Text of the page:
April 26th and 27th, 2014
Vancouver, British Columbia
By HRH The Prince of Wales
Ladies and gentlemen,
For many years, I have found inspiration in the pages of Sacred Web, not least in the writings of the man you now honour at your conference, Professor Nasr, and I can only wish him the happiest and most special of 80th birthdays.
Looking at the title of this year's conference, "Rediscovering the Sacred in our Lives and in our Times", I am reminded of a recent event that gave an example of how the Sacred can be rediscovered, through practice. A former student of my School of Traditional Arts was recently involved in giving a workshop on sacred geometry to a group of professional designers working for companies such as Tesco, John Lewis, Waitrose and Apple. Inevitably, such has been the denial of access to this knowledge, none of these designers had ever seen such geometry before, and the results were astonishing—and actually rather encouraging. These designers were quite literally amazed. It was as if a veil had been lifted from their eyes and, for the first time, they saw pattern and order and relationship and meaning.
It was as if the loss of the Sacred in their lives had removed from their being something essential. It had removed from their experience and their cognition an entire dimension of truth and therefore of understanding—particularly of Man's integral relationship with universal principles, as reflected in the Natural world and in the wider Universe. But when it was shown to them they knew it and responded to it. And at the end of the workshop they asked for more.
In such a world, can it be surprising that we find ourselves where we are—at a loss? And does it not suggest that the great difficulties we face are not, at root, difficulties of technology, a lack of technical skills and resources, but that they are a crisis of perception? We have lost our way because we can no longer see clearly. And so we have forgotten. A world of parts has replaced a world of wholeness. A world of separation has replaced a world of connectedness and entanglement. The secular has pushed aside the Sacred.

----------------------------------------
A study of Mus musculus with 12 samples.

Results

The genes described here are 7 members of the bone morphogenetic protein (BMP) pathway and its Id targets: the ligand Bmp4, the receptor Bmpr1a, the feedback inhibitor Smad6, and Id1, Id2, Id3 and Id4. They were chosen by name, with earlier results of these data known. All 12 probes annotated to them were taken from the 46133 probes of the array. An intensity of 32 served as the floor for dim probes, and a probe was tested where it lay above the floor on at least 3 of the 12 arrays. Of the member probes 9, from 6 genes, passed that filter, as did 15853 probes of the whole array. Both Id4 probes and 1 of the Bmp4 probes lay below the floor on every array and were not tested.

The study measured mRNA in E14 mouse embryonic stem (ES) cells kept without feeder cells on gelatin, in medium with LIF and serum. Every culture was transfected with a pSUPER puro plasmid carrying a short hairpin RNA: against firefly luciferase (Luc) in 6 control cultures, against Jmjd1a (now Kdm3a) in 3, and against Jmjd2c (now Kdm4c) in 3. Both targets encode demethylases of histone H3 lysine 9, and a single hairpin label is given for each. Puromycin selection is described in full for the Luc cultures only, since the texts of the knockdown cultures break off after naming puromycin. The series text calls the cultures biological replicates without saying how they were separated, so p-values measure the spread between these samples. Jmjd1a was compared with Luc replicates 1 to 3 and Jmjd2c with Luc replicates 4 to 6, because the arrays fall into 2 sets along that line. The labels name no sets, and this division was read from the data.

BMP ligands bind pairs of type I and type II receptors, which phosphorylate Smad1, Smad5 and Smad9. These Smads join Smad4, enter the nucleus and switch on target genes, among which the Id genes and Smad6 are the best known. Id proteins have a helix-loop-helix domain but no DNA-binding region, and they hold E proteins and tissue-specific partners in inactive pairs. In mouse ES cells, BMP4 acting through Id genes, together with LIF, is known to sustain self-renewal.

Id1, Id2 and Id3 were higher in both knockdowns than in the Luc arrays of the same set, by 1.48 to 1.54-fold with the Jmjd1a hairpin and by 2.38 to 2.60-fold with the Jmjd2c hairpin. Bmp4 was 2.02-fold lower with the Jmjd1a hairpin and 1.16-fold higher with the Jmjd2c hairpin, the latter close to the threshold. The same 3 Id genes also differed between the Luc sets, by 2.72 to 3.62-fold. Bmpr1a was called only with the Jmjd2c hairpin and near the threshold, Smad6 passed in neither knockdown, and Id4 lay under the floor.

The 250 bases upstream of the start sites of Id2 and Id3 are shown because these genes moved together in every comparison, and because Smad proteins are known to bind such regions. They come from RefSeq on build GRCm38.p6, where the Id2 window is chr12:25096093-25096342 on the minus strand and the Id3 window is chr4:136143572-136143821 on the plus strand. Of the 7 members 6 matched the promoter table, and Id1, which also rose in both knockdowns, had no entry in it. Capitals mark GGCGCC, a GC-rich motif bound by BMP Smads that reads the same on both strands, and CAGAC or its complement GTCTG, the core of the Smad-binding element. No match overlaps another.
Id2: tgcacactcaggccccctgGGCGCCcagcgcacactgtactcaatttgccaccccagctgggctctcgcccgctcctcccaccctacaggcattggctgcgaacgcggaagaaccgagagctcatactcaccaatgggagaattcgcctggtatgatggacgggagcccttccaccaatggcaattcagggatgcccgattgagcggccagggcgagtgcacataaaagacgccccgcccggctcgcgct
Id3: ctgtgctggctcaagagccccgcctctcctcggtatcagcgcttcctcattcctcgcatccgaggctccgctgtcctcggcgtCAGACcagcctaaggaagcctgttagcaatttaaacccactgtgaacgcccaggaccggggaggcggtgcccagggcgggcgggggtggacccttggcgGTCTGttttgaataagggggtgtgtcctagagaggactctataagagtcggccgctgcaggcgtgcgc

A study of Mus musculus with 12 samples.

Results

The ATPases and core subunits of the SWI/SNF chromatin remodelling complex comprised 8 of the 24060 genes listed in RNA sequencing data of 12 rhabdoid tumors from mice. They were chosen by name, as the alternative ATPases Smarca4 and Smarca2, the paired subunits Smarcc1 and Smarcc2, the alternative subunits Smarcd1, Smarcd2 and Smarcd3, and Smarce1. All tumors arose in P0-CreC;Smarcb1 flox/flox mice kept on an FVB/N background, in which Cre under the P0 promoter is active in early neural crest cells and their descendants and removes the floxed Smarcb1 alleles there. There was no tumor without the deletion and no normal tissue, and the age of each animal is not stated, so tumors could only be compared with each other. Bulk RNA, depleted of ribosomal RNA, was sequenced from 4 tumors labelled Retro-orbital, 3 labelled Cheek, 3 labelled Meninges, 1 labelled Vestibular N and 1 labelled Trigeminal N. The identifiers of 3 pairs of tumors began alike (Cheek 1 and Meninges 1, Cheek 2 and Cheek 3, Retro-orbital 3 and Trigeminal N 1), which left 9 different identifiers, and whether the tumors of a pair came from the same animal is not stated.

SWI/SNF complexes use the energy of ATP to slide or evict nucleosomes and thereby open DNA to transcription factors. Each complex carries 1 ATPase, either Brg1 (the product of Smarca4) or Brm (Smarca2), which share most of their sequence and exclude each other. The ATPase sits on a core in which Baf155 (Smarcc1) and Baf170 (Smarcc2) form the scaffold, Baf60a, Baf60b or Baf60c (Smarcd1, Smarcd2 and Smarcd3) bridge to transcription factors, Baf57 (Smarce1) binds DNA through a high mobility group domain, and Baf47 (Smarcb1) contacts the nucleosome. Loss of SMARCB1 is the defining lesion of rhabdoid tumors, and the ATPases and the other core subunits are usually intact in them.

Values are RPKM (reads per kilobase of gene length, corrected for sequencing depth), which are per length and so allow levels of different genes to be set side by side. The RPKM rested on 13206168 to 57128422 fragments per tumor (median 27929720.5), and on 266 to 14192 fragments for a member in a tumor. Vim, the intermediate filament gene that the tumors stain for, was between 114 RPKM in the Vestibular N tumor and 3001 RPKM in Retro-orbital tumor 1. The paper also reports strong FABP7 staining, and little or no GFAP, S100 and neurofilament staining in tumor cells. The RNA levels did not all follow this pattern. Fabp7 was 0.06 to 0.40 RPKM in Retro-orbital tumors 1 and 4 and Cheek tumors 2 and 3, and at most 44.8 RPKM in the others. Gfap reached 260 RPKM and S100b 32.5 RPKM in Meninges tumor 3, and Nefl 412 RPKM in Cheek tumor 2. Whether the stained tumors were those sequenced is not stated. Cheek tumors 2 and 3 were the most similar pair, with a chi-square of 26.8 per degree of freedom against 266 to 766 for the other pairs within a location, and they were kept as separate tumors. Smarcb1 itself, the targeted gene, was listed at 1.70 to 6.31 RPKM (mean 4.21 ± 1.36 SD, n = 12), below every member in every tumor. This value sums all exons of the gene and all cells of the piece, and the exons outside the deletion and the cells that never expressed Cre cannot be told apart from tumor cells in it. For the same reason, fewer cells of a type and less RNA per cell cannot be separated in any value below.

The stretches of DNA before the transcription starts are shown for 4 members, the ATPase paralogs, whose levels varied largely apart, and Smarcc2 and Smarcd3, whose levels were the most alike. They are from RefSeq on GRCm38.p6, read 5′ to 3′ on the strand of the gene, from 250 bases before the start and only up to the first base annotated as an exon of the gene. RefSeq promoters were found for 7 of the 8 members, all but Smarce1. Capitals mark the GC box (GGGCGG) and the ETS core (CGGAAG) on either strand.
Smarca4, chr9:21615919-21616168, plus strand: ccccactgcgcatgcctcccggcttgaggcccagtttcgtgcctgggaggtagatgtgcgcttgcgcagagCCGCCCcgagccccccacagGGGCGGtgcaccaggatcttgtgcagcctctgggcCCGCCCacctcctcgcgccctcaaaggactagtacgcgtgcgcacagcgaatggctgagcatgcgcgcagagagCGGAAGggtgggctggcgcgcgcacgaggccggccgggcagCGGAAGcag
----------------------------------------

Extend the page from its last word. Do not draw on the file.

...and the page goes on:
How then, might the Sacred be rediscovered? The work of my School of Traditional Arts—and, indeed, my Foundation for Building Community—suggests that it can be rediscovered by practice; which is to say that it is discovered not by talking about it, but by putting it into action. Over recent years, the Outreach Programme of the School has taken the study of these universal and timeless principles into different countries and different groups—sometimes schoolchildren and their teachers and parents, and sometimes students learning their own traditional arts and crafts—and the results are always the same, initial scepticism is set aside and with enthusiasm and delight the work proceeds as those taking part rediscover something that perhaps, somewhere deep inside, they always knew, that there is a relationship between the outer and the inner; that in the end these patterns and orders are familiar and provide a limitless source of creative inspiration through what I can only call "the grammar of Harmony".
The results are life-changing. It is as if the work itself gives rise to an awakening. And, almost at once, the secular world gives way to the Sacred. This work has taken place in many countries and my School is about to embark upon more such work with schoolchildren of the First Nations in Canada, at Ahousaht, in British Columbia.
And so, as you gather for your conference, I can only urge you to consider not just words, but also ways of practice that will bring the Sacred not only into your lives, but also the lives of others, whether through sustainable, agro-ecological farming systems, for instance, or new urban-development that reflects human scale, local identity and cultural tradition. What could be more of a challenge and an adventure!